Dyslexic – Thinking

You will see a lot written about the Dyslexics ability to process information in a three dimensional spatial context, but what does this mean and what are the implications?

Well in other pages we have identified the speed of dyslexic thought. Whereas the average person summons around 150 images per second, the dyslexic can muster from 1500 to 4000 images per second.  But the fact that this can also be done on a three dimensional basis makes the Dyslexic skill set very special indeed.

Dyslexics are over represented in the top ranks of people who are unusually insightful, who bring a new perspective, who think out of the box.

The dyslexics gift of mastery: once they have learned something experientially, pictured and mapped it three dimensionally they understand it on such a deep level that they know how to do things intuitively without thinking about how.

The dyslexic’s abilities have been recognised by NASA (North American Space Administration) Over 50% of NASA employees are reported as dyslexic. They are said to be deliberately sought after because they have superb problem-solving skills and excellent 3D and spatial awareness.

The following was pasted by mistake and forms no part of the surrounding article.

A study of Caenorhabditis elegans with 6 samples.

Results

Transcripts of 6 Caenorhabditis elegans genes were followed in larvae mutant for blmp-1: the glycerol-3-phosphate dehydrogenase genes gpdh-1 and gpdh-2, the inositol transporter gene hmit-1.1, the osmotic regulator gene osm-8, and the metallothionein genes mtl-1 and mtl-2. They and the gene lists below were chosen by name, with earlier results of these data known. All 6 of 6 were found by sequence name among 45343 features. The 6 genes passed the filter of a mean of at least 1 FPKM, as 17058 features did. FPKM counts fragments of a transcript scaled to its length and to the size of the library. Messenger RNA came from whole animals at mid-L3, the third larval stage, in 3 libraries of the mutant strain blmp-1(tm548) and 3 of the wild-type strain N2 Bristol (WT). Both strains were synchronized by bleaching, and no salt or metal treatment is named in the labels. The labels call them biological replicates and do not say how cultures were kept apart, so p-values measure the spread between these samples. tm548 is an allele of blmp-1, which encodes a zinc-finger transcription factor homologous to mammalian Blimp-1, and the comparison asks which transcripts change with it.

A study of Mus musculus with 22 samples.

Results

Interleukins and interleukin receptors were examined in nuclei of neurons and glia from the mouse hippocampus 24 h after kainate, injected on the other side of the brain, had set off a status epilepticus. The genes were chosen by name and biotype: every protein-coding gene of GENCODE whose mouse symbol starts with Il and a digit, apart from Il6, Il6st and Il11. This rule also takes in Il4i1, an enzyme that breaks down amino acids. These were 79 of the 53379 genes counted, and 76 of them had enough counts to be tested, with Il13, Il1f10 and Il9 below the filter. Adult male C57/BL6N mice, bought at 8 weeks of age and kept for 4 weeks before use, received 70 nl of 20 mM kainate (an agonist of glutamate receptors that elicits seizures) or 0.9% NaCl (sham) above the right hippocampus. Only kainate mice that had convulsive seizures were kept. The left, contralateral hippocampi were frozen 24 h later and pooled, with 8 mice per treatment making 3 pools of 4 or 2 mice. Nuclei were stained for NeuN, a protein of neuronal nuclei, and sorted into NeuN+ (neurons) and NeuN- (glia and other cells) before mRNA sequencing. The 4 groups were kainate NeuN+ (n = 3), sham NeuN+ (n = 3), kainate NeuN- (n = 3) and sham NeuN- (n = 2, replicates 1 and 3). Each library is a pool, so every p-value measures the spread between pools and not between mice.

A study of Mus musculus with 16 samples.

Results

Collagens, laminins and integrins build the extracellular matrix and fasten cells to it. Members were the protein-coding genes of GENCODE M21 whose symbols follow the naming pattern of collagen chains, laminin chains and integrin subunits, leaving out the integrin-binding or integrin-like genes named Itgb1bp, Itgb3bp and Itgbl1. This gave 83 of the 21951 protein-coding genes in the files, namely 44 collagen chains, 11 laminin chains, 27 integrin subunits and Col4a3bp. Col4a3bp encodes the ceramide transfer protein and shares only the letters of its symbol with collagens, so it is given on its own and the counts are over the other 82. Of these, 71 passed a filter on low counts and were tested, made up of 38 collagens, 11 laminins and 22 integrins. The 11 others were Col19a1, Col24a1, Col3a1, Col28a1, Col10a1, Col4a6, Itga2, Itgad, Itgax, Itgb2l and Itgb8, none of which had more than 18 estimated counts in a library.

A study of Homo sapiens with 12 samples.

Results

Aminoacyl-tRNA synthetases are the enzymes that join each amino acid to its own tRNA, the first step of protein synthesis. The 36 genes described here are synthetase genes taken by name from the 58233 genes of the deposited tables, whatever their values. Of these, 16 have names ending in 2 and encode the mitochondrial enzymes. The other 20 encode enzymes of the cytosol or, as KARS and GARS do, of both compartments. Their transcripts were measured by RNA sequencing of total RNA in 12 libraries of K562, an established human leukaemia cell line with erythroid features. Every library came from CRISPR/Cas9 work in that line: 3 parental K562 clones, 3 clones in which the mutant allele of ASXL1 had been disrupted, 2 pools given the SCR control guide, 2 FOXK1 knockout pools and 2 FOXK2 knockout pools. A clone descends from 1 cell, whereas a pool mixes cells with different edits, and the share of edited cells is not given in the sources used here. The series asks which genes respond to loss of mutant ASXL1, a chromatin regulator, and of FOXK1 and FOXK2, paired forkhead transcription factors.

It is not uncommon for a Dyslexic to be able to project the view around the back of an item, even letters are sometimes seen as three dimensional. Their perspective can be moved from where they are, to anywhere around the object, above, below or inside.

The best analogy for the non Dyslexic to visualise this is to imagine an infinitely flexible CAD drawing system using three dimensional items rather than lines evolving at up to 4000 items per second whilst manipulating the item in space.

This thought process, combined with the gift of mastery, makes the dyslexic a very powerful asset to have on board your team.

It is for this reason that Dyslexics are suited to roles as systems analysts, and that you will often get an instinctive response to highlight issues within a process.